Sofrito's $1,000 paella: If you have any money left to blow...


The latest example of this sad, sad subspecies is Ricardo Cardona. The head chef at Sofrito, an upscale New York eatery, he recently announced the arrival of his $1,000 paella, just in time to catch the plummeting fortunes of the stock market, the much-ballyhooed arrival of thrift, and a serious backlash against profligate spending.

Unlike the $1,000 bagel, the $175 burger, and other white truffle-laden delicacies, Cardona's paella doesn't really feature any outrageously expensive top-shelf items. Rather, it is filled with reasonably upscale ingredients, including black truffles, sea scallops, baby squid, baby eel, mussels, cherrystone clams, king crab legs, mini-chorizo sausages, octopus, lobster tails, prawns, and Spanish ham. While the ham, or jamon iberico, is a pricey item, it doesn't really have the cachet of white truffles, gold leaf, goji berries, or caviar, the usual suspects that crowd the ingredient lists of ultra-expensive dishes.

Not one to let details get in the way, Sofrito owner Genaro Morales is following the tried-and-true path of the outrageous food purveyor. To distract from the fact that his paella has something like a 900% markup, he's agreed to give 20% of the proceeds from the dish to a nonprofit organization that helps disadvantaged Latino kids. This, of course, drops his profit margin to a measly $700 or so per plate.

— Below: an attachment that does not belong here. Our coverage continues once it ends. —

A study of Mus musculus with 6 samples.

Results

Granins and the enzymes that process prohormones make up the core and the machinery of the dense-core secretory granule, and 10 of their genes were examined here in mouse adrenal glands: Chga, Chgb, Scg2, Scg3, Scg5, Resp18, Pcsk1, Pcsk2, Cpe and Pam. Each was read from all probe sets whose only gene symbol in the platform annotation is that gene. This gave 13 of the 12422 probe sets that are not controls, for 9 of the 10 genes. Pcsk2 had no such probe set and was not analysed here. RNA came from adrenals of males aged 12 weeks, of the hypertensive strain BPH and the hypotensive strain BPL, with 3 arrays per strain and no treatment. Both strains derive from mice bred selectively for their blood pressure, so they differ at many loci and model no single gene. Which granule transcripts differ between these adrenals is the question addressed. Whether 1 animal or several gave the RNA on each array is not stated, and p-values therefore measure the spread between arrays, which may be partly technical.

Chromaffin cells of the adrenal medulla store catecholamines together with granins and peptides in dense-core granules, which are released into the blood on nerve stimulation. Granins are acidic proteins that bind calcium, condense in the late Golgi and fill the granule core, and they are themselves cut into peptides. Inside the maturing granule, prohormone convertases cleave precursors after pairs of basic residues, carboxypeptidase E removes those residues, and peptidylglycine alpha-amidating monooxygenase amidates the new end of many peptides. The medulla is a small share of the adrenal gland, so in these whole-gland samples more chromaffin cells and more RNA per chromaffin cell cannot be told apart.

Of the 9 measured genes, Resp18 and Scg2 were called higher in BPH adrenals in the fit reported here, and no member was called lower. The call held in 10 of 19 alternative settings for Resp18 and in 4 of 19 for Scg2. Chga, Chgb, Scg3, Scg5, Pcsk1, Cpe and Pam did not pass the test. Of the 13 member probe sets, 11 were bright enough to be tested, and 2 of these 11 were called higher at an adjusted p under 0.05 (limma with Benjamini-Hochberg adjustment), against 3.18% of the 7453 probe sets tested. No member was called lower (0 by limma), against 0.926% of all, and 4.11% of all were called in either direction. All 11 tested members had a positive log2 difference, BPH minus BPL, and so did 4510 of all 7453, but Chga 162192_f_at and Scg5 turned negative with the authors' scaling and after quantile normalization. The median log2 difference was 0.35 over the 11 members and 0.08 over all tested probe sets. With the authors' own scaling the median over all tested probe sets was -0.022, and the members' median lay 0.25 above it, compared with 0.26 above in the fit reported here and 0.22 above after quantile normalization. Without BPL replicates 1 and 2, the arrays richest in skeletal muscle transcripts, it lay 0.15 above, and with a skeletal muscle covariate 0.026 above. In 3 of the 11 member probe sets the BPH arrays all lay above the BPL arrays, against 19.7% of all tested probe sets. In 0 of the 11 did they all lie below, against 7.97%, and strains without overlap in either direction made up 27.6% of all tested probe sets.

Just in case the pricey ingredients and bald-faced appeal to charity should fail to drive customers to Sofrito, Chef Cardona has also positioned his paella as the solution to the current economic crisis: "Who said 'recession'? Who said 'bad economy'? [...] I think that's the way to fight the bad economy, and if you have the money to spend, then why not enjoy yourself?" One thing's for sure: if enough people buy the platinum paella, Cardona won't have to worry about the plummeting stock market!

Bruce Watson is a freelance writer, blogger, and all-around cheapskate. While Cardona's financial advice sounds interesting, he's going to stick with his old investment strategy: shoving handfuls of flaming hundred-dollar bills up the rear end of a circus elephant while scattering gold dust to the four winds.